Julie Mehretu

Julie Mehretu

The In-Between Place

Interview with the American artist Julie Mehretu about how her perspective is the result of a ”very important shift” in her life, which occurred when her family moved to the US from Ethiopia. Mehretu fuses forms in order to create an 'in-between place'.

In this interview New York based Ethiopian born artist Julie Mehretu (b.1970) talks about how she uses abstract art to create a psychological space for herself. Mehretu explains how her perspective and interest is informed by this ”very important shift” which occurred when her family moved to the US right after the Ethiopian revolution. Her paintings are in some ways an attempt at making sense of herself as situated in a kind of in-between psychological space: ”There’s this type of spacial shift that has occurred, and there’s a connection, a kind of psychological space, making sense of a place.”

Mehretu explains that she likes working with abstraction because it is ”an in-between place”. New forms are created through the intermingling of space and drawing, social and political elements and controlled moments combined with the intuitive. The paintings have many levels of reading, feeling, engaging, and they have no beginning nor end, Mehretu says: ”You can see through everything.”

Julie Mehretu is known for her densely-layered abstract paintings and prints. Her paintings are built up through layers of acrylic paint on canvas, overlaid with mark-making using pencil, pen, ink and thick streams of paint. Her canvases overlay different architectural features.

Julie Mehretu was interviewed by Jesper Bundgaard at Marian Goodman Gallery, New York in 2013.

Camera and editing: Per Henriksen
Produced by: Louisiana Channel
Copyright: Louisiana Channel, Louisiana Museum of Modern Art, 2013

Supported by Nordea-fonden

  • Karl Ove Knausgård

    On 'Madame Bovary'

    “This controlled perfection, that I usually don’t like, elevates it.” Karl Ove Knausgård – author of ‘My Struggle’ – here shares his love of the classic novel ‘Madame Bovary’ by Gustave Flaubert, which he has read three times at different stages of his life.

  • Günther Uecker

    Advice to the Young

    German artist Günther Uecker (b. 1930) – one of the most prominent members of the ZERO Group – here stresses the importance of not adhering to the conventions of society, but to follow one’s own voice: “Don’t rush to the guillotine, assert yourself first.”

  • Günther Uecker

    Poetry Made with a Hammer

    “We need images to cross the boundary of the unutterable.” The moving story of Günther Uecker – a legendary German artist, who expresses his artistic belief by means of a hammer and nails, thus reflecting his dark experiences from World War II.

  • Sambuichi

    Sun, Water and Air

    Travel through an enchanting sea of light and darkness orchestrated by the praised Japanese architect Hiroshi Sambuichi. He here shares his thoughts behind the wondrous water and light installation set in an old underground water reservoir.

  • Orhan Pamuk

    Do Not Hope for Continuity

    “I ran away, but I returned, and I will continue to tell its story. It’s natural that I write about it because this is the best place I know.” Watch Nobel Prize-winning novelist Orhan Pamuk in this interview about his relationship with Istanbul – now and then.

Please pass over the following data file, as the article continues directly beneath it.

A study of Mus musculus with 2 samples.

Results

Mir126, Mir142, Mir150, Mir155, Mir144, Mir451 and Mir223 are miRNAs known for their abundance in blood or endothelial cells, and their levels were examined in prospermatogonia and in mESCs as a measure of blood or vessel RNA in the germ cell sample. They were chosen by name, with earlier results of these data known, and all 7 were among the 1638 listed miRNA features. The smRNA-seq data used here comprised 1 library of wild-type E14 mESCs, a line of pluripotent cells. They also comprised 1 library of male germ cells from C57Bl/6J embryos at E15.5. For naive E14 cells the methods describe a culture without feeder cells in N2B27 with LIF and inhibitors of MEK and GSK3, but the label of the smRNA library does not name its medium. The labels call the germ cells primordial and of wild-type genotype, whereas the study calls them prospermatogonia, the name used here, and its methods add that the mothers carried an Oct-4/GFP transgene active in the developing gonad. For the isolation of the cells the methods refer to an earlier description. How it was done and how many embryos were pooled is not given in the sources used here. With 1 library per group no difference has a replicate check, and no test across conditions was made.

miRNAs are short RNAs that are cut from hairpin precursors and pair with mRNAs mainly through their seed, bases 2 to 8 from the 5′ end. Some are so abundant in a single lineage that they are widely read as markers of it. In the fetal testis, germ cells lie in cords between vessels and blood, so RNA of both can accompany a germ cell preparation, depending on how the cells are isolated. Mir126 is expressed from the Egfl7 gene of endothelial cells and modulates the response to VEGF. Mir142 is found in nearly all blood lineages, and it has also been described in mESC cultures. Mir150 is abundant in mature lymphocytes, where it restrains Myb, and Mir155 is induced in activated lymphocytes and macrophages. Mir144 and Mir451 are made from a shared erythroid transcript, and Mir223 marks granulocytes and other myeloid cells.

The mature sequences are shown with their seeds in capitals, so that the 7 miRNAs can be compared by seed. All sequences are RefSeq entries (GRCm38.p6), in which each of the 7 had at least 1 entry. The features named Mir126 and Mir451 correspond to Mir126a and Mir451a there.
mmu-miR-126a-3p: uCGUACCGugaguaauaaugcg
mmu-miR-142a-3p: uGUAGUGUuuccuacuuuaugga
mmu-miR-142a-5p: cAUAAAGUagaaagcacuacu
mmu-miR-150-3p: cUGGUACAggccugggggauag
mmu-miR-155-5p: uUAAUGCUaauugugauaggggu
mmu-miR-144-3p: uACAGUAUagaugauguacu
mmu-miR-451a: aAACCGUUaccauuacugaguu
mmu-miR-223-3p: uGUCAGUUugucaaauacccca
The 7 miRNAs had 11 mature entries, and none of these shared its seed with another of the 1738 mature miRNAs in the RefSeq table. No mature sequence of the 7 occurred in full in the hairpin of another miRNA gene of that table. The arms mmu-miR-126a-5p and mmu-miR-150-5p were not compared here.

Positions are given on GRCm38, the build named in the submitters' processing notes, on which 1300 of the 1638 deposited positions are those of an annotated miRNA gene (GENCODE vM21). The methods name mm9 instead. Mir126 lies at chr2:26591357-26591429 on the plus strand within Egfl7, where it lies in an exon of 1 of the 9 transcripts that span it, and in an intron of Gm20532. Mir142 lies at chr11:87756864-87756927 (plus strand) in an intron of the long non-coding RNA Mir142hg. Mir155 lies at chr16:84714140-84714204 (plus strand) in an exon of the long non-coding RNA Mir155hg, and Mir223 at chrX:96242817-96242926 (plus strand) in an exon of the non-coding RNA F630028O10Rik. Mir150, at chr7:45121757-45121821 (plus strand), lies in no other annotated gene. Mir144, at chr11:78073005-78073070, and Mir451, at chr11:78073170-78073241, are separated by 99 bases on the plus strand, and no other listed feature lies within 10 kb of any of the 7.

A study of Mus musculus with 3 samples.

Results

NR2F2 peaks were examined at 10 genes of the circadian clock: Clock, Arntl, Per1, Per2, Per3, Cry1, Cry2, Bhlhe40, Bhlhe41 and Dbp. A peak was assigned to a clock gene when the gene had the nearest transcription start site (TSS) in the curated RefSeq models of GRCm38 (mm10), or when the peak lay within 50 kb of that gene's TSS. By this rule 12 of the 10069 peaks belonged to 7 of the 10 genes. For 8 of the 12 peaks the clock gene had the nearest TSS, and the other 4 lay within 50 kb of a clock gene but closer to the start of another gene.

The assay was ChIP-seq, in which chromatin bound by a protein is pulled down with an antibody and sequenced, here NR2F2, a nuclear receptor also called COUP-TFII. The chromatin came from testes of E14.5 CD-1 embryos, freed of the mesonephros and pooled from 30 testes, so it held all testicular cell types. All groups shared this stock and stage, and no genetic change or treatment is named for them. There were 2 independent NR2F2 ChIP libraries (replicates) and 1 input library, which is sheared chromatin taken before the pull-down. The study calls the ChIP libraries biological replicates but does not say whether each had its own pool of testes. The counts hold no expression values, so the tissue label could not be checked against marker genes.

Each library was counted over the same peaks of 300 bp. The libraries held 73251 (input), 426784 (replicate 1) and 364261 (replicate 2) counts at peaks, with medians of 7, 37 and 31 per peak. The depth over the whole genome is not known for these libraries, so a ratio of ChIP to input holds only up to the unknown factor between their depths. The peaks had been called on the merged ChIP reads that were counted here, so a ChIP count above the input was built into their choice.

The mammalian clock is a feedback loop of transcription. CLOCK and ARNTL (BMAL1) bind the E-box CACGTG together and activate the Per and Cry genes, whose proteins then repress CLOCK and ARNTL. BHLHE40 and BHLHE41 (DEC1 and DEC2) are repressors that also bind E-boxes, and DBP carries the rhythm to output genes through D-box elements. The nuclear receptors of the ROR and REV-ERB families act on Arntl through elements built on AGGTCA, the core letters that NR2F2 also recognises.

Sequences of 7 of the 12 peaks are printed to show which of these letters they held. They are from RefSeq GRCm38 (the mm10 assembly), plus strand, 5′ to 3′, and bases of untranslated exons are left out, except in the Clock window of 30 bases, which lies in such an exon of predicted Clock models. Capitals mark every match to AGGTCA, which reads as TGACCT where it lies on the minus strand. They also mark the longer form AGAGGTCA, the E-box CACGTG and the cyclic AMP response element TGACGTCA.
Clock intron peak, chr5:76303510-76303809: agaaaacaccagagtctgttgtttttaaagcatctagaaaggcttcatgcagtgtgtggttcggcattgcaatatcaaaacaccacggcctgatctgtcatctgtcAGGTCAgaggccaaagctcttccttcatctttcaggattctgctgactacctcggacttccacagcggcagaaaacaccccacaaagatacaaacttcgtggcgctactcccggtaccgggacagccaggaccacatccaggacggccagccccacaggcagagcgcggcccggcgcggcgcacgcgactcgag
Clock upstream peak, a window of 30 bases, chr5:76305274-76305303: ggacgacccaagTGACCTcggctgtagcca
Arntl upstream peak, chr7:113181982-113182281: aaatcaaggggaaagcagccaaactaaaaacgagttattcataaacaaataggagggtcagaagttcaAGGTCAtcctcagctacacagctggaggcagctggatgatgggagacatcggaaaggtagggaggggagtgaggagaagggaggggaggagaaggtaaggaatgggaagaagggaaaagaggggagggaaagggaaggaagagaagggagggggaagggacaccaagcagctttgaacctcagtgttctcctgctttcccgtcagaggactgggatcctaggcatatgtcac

• Mette Winckelmann

    Woman to Woman

    ”You must evaluate whether the system you’re part of could be effectuated differently.” Meet artist Mette Winckelmann, who believes that abstract painting communicates deeper than language, and explore her visual take on gender politics.

  • Wang Shu

    Architecture is a Job for God

    The Chinese architect Wang Shu’s buildings – a crossover between traditional Chinese culture and large-scale modern architecture – have earned him prestigious awards. “Democracy means a really diverse society,” says the architect in this inspiring interview.

  • Margrethe Odgaard

    Colour Diary of New York

    Becoming more aware of your surroundings can “open a new dimension inside as well as outside yourself.” Meet award-winning Danish designer Margrethe Odgaard who has trained herself to register the world through colours.

  • Adam Caruso

    Novelty is nonsense

    "The European city is one of the great human inventions!” Adam Caruso advocates building with a deep sense of history and tradition. Meet the architect behind the award-winning Tate Britain conversion and numerous Gagosian galleries.

  • Thomas Hirschhorn

    A World of Collage

    Swiss artist Thomas Hirschhorn juxtaposes pixelated images from the media. His works are not about technology, says the artist: “I try to give form to what I can’t accept: that someone else can decide for me what I should do, see or think.”

  • Jonathan Safran Foer

    On Donald Trump

    Jonathan Safran Foer, star of American literature, offers interesting views on America’s new president and the consequences Trump will have on American culture. "The place for literature may be even more important than before," he says.

  • Dorte Mandrup

    Where Place Meets Sculpture

    Rising from the landscape in a place rich with materiality and history sits architect Dorte Mandrup’s new Wadden Sea Centre. Meet the renowned architect and see a building were “everything comes together.”